Tuesday, July 22, 2014
Evidently this is the first PI mystery where the investigator is openly gay. Written in 1970 Dave Brandsetter is sent to investigate the disappearance of radio personality Fox Olsen.
Along the way he uncovers a series of damaged individuals before solving several murders.
This is a good hard boiled mystery in the Lew Archer mold. Its a bit dated with some of its 70's slang but this shouldn't put you off, very enjoyable and it is a series with several more to read.
Monday, July 21, 2014
This is not for the faint hearted, it is brutal. Little girls have been going missing and some have been found and some have not.
Local crime reporter Eddie Dunford believes these crimes are connected and starts digging, he digs people die. He is soon off side with his employers, his girlfriend and the people he is trying to help. He is especially offside with the Police.
This is very very violent, close to pornographic in its violence, the language is appalling, Eddie is a train wreck but he is driven to solve the mystery and in doing so lots of his life gets destroyed.
Its a good read and was David Peace's first novel and as such is fantastic but I exaggerate not about the content.
Another series of essays which attack what Mr Dalrymple calls the cult of sentimentality. His main target is the media , he asks why does a wealthy handsome victim of a serious crime deserve the public sympathy by having their story told over and over in the media when an alcoholic homeless man suffering the same fate hardly merits a mention. This is over simplifying what he says but I believe I have expressed the point he is trying to make.
Another very valid point he made is that if you behave like Madeleine McCann's parents and face the media stoically without screaming and spitting and rolling around on the ground you in these enlightened times get accused of not caring enough. With the result that very soon it is being suggested that you have murdered your daughter because you didn't scream and spit and roll about on the tiles. Again a over simplification of what he is expressing but the point is the same.
Again a very good collection by a man who has worked in the fields he writes about, recommended.
This is a comic without the pictures, great fun, read it in two long baths, a guilty secret.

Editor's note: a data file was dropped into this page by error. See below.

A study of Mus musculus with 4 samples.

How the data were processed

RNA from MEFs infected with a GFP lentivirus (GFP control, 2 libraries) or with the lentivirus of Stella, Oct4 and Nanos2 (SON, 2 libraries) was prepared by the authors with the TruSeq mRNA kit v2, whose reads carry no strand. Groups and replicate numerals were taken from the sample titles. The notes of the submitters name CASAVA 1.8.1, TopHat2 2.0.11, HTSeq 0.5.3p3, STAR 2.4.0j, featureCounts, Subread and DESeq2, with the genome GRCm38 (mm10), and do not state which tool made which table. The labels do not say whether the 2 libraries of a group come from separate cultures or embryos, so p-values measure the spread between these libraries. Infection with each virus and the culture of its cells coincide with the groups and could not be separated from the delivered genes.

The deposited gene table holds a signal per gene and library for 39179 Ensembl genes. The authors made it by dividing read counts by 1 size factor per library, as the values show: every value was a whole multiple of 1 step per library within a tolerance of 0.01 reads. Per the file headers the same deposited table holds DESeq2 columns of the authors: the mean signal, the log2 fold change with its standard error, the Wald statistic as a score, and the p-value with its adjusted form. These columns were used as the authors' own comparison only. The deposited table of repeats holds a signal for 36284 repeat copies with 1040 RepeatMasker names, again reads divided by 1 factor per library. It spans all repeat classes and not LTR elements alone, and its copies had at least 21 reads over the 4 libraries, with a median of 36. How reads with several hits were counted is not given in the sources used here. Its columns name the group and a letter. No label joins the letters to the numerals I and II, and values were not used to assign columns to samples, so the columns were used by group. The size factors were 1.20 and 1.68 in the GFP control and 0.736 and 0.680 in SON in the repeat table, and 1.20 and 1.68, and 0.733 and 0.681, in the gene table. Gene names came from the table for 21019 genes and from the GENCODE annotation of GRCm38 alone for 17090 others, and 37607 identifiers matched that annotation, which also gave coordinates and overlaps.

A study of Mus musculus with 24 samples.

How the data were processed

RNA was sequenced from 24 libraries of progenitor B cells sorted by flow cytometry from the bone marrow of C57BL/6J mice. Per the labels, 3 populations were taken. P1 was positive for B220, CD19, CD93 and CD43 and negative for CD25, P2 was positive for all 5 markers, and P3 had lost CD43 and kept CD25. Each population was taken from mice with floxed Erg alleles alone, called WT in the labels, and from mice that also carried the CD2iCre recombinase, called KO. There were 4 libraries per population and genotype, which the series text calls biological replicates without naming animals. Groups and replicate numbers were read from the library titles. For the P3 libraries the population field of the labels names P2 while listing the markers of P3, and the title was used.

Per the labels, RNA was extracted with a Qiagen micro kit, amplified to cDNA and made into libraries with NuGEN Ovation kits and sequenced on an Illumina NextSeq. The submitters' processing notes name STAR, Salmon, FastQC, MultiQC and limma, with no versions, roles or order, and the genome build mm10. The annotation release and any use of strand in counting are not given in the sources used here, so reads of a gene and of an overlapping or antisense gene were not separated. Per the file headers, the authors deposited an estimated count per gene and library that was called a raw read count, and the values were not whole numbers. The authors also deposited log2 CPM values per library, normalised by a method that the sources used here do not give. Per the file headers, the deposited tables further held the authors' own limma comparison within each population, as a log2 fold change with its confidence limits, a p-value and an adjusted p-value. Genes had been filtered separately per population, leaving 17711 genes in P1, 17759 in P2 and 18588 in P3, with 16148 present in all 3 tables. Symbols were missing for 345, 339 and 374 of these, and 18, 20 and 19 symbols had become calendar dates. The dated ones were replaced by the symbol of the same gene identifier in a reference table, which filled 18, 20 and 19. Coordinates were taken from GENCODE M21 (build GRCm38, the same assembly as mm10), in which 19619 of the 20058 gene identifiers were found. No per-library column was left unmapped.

Matt Helm is an agent for a US Government Department, he's a killer , a lady killer, someone who is ever resourceful and always gets the job done.
The formula through 20 odd book is identical with the locations and a few name changes but they are a guilty secret better written than the Bond books but the same style.
This is written 37 years after " Little Big Man" and it shows. The hero Jack Crabb is alive and again interviewed by a reporter: he again sets about setting the record straight on events from the west.
Crabb was the only white survivor of The Battle at Little Big Horn, he was there when Wild Bill Hickok died with his hand of eights and aces. He was an integral part of Buffalo Bills Wild West Show.
Again we get the history as we did with the first book but its not as funny, doesn't flow as well and has a tried too hard feel about it. Berger was 75 years of age when he wrote this and while its a good effort I believe he should have left Jack Crabb in 1964 and left his quiet amazing body of work since speak for him.
Its an interesting read with good history and interesting facts but I have been spoilt by the original.
This in my opinion is the second best of the Bond's just behind Goldfinger. Two nuclear missiles are stolen by SPECTRE and Bond is tasked to locate them before a major US city is destroyed.
This is the book that introduces Blofeld as head of SPECTRE. The movie follows this book fairly faithfully and it is one of my favourites in the movie franchise.
Again the Bond books never going to win a Man Booker but that's because they are readable. Great escapism and uttering un-politically correct.